Eduardo Montes-Bradley looks forward to Friday evening’s screening of his “Black Fiddlers” film about the work and legacy of Black violinists — and to the conversation to follow.

“There’s going to be a Q&A after the film, which is usually quite heated,” Montes-Bradley said. That’s because his film traces a vibrant art form back to the lives and careers of Black fiddlers from the nation’s early years — including musicians from the Hemings and Scott families at Monticello, before and after enslavement — and because viewers tend to hold and voice strong feelings about agency, artistry and autonomy that the film can draw to the surface.

Emotions can be strong because “it has to do with Jefferson’s enslaved children who were fiddlers,” Montes-Bradley said. Other viewers share “a more Africanist view that sees the violin as an African instrument,” noting that the European violin performance tradition is not the only one, he said.

The film can be seen at 7:30 p.m. Friday in the V. Earl Dickinson Building’s Main Stage Theatre at Piedmont Virginia Community College. The screening is part of PVCC’s new Films Talk Back documentary series.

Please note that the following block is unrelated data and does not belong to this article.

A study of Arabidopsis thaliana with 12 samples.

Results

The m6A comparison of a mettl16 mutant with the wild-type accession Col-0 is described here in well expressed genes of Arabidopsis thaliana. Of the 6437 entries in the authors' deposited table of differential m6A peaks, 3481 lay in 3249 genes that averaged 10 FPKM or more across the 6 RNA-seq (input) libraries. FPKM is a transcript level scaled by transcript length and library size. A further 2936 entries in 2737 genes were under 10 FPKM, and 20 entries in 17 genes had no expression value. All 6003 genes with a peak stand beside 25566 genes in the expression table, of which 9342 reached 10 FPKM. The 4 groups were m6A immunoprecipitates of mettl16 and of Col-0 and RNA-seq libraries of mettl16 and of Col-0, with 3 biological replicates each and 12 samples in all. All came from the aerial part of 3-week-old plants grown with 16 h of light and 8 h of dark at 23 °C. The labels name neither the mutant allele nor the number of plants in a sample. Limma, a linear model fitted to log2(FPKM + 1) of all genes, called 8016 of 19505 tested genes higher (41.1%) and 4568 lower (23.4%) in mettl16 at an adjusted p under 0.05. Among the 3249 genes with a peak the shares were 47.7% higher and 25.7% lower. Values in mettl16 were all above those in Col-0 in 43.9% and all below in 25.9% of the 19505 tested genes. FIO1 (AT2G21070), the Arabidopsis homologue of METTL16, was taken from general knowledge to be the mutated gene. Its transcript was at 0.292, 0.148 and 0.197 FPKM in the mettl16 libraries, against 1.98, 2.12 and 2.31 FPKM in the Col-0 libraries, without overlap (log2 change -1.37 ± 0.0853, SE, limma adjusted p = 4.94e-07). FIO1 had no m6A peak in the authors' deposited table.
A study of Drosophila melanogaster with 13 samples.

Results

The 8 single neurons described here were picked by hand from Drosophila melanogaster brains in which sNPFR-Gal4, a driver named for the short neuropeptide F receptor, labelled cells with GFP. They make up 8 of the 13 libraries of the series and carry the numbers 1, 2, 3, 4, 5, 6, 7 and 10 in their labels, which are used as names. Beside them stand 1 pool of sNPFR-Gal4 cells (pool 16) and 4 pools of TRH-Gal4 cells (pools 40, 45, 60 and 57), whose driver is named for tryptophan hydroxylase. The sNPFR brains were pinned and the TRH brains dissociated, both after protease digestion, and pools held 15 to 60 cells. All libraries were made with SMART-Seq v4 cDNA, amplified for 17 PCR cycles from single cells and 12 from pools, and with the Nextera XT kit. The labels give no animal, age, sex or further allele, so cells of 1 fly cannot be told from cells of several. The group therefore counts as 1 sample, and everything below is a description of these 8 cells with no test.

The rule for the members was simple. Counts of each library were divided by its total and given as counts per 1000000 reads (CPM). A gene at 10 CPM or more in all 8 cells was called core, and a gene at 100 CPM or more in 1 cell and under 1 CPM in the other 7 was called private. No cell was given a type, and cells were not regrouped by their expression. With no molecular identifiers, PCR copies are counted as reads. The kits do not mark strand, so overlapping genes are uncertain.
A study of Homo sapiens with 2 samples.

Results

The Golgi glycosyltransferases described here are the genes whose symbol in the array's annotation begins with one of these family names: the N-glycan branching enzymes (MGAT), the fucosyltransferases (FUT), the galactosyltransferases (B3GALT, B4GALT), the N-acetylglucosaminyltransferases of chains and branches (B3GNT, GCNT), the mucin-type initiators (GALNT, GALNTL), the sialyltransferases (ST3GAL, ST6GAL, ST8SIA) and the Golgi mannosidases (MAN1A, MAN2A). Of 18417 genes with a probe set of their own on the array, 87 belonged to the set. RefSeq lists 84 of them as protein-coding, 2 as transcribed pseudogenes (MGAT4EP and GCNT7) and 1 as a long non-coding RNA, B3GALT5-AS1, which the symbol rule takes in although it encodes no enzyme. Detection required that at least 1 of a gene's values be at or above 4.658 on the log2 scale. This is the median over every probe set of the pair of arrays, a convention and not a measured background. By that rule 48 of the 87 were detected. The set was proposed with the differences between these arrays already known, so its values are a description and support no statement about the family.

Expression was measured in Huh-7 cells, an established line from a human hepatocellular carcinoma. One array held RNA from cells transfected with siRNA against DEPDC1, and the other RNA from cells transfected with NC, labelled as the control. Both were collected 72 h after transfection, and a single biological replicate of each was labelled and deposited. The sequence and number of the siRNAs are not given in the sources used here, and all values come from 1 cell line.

Audience members will learn about the work of Joe and Odell Thomson, cousins and practitioners of the Black string band tradition, and also will be introduced to musicians Rhiannon Giddens, Justin Robinson and Earl White, who help make sure more than three centuries of Black musical traditions and contributions are not forgotten.

Piedmont’s Films Talk Back series takes place on the third Friday of the month. Film buffs can expect to see a documentary, hear a talk by the filmmaker or another expert, and take part in question-and answer time. Montes-Bradley said that’s where the magic happens.

Montes-Bradley said a screening and fruitful discussion on Nov. 4 during the Virginia Film Festival helped demonstrate the value of using film as a springboard for diving into complex topics — and making the most of opportunities for people to listen and learn from each other.

“When we can have a serious conversation to find common ground and differences, it is welcome,” Montes-Bradley said. “It’s when I get to have the most fun. It’s very stimulating. It’s something you don’t get when you’re in your basement for a year editing your film.”

The director’s hour-long 2022 documentary came together after an intense year of research and valuable time spent with contemporary musicians who care about keeping history alive for future generations of listeners.

Research and reflection often led to more questions. Whose music is it? Why are some viewpoints accepted over others? How can expression and exploitation be separated? The director believes that answers need to be reached together.

“The film changed me,” Montes-Bradley said. “I’m not trying to convince anyone of anything. I’m not an evangelist.

“I want to educate myself so I can help educate others. The way it works for me is, ‘Let’s think about this together.’ I want to learn, too.”

Admission is free, and there will be plenty of free parking available. “Black Fiddlers” was made possible with a local donation from the Joseph and Robert Cornell Memorial Foundation. For information, go to, email or call (44) 961-5376.